Turns out the Dallas Cowboys’ “win or go home” woes aren’t just tied to Tony Romo. As Kyle Orton’s final pass of Sunday’s 24-22 loss to the Philadelphia Eagles fell into the hands of Eagles cornerback Brandon Boykin, it became clear just how snake-bit this Dallas Cowboys team really is.
For the fourth time in six years, the Cowboys held their playoff hopes in their hands in a Week 17 showdown with a NFC East foe and for the fourth time they failed to win. All Romo could do was watch from the comfort of his home as he recuperated from his back surgery on Friday.
Perhaps these Cowboys are cursed when it comes to Week 17, where they are 2-12 in the past 14 years. If so, doesn’t it need a name? The Landry Curse? The Week 17 Hex? The Jones Jinx? Whatever you call it, it's clearly bigger than Tony Romo.
Perhaps these Cowboys are cursed when it comes to Week 17, where they are 2-12 in the past 14 years.
Perhaps the issue is simpler. Perhaps it’s just the unlucky number 13.
That’s the number of turnovers the Cowboys have committed in those four “win or go home” games. And Romo didn’t commit all of them.
No, this is a team-wide problem and it always has been. This team cannot win close games when it really matters the most.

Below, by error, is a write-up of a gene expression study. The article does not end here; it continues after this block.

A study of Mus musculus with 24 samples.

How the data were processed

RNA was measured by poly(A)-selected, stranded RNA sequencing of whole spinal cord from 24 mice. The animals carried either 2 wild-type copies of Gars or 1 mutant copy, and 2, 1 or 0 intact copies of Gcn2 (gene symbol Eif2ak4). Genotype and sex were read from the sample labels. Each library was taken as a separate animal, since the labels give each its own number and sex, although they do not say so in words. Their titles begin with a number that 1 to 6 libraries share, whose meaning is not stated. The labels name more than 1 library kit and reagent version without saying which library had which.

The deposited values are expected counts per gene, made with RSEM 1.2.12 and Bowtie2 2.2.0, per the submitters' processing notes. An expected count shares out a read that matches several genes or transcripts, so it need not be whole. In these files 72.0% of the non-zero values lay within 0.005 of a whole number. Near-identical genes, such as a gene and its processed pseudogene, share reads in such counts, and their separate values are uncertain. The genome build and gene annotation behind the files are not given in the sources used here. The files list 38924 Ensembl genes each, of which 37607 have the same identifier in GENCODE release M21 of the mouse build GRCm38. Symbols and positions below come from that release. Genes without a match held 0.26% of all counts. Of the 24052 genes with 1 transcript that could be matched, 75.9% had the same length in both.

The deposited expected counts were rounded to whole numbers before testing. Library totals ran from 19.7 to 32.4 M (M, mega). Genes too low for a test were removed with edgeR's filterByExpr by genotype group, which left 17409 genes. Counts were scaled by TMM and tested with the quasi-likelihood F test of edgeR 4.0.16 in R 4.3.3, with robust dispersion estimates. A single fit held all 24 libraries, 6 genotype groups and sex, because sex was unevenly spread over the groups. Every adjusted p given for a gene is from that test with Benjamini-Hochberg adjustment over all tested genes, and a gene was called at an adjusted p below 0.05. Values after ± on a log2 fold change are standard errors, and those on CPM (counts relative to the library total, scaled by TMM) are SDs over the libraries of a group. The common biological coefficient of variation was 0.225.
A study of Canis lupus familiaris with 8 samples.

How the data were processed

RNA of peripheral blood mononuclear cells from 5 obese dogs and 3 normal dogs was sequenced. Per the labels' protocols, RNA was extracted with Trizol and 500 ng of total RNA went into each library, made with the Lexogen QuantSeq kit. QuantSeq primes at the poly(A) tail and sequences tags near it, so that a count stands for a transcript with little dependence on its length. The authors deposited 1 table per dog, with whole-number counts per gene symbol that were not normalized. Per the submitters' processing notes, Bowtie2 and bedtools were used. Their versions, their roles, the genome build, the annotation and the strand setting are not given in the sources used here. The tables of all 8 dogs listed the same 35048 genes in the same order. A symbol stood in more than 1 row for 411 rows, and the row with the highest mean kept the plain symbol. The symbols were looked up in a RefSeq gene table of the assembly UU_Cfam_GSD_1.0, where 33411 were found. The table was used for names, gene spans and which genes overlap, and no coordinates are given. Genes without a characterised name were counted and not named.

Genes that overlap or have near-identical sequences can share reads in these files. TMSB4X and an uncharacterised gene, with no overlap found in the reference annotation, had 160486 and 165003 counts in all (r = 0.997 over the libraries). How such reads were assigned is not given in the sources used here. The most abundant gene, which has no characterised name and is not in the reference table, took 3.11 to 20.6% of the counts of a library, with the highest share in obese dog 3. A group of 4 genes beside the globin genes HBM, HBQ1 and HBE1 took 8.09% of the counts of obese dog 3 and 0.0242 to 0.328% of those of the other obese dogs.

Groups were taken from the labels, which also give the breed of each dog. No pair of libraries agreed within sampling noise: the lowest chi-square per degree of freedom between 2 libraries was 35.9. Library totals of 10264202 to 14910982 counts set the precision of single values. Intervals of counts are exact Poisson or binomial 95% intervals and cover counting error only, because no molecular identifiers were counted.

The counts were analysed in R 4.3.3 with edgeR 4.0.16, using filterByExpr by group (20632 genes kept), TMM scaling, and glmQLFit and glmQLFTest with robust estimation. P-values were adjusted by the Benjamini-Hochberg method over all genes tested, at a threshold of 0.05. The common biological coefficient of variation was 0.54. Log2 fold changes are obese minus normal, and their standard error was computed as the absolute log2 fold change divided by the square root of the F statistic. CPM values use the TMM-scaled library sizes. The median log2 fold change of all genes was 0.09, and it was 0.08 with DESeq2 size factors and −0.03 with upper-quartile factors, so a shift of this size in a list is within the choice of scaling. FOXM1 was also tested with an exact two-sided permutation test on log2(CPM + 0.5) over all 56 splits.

Sunday saw the Cowboys’ defense have its best game in two months. While giving up 131 rushing yards to Eagles back LeSean McCoy, he didn’t dominate the game. The Cowboys sacked Eagles quarterback Nick Foles five times and forced a turnover. Orton, playing in place of Romo, threw for 358 yards. Tight end Jason Witten caught 12 passes for 135 yards, and Dez Bryant caught 8 passes for 99 yards and a touchdown.
But with these Cowboys it’s their mistakes that betray their gaudy statistics. Like DeMarco Murray’s first-quarter fumble that led to an Eagles field goal. Like Witten’s tipped reception that led to an Eagles interception and a touchdown two plays later. Like Orton’s interception that ended the game.
The Cowboys have played so many games decided by seven or fewer points during head coach Jason Garrett’s tenure that you think they would have the hang of it by now. But they don’t. In fact, this may underscore their inability to make the playoffs as much as their 13 turnovers in their four “win or go home” games. The Cowboys lost four games in 2013 by a grand total of five points.
A one-point loss to Kansas City in Week 2. Their sin that week? Committing two turnovers to the Chiefs’ none.
A one-point loss to Detroit in Week 8. Their sin that week? Giving up 329 receiving yards to wide receiver Calvin Johnson, despite forcing four Lion turnovers.
A one-point loss to Green Bay in Week 15. Their sin that week? Choking up the biggest lead in team history and committing two late turnovers.
There’s the trend, if you’re looking for one. This offense, no matter who is in control or calling plays, doesn’t keep a grip on the football. Not Romo, not Orton, not Murray, and not even Witten.
Looking for hope? Looking for change? No chance. All four of those players are under contract for next season, and it looks like Garrett is coming back, too.
This is who the Cowboys are, and it looks like this is all they’ll ever be. An exciting, compelling and hopelessly average team that just can’t seem to get out of its own way when the pressure is on.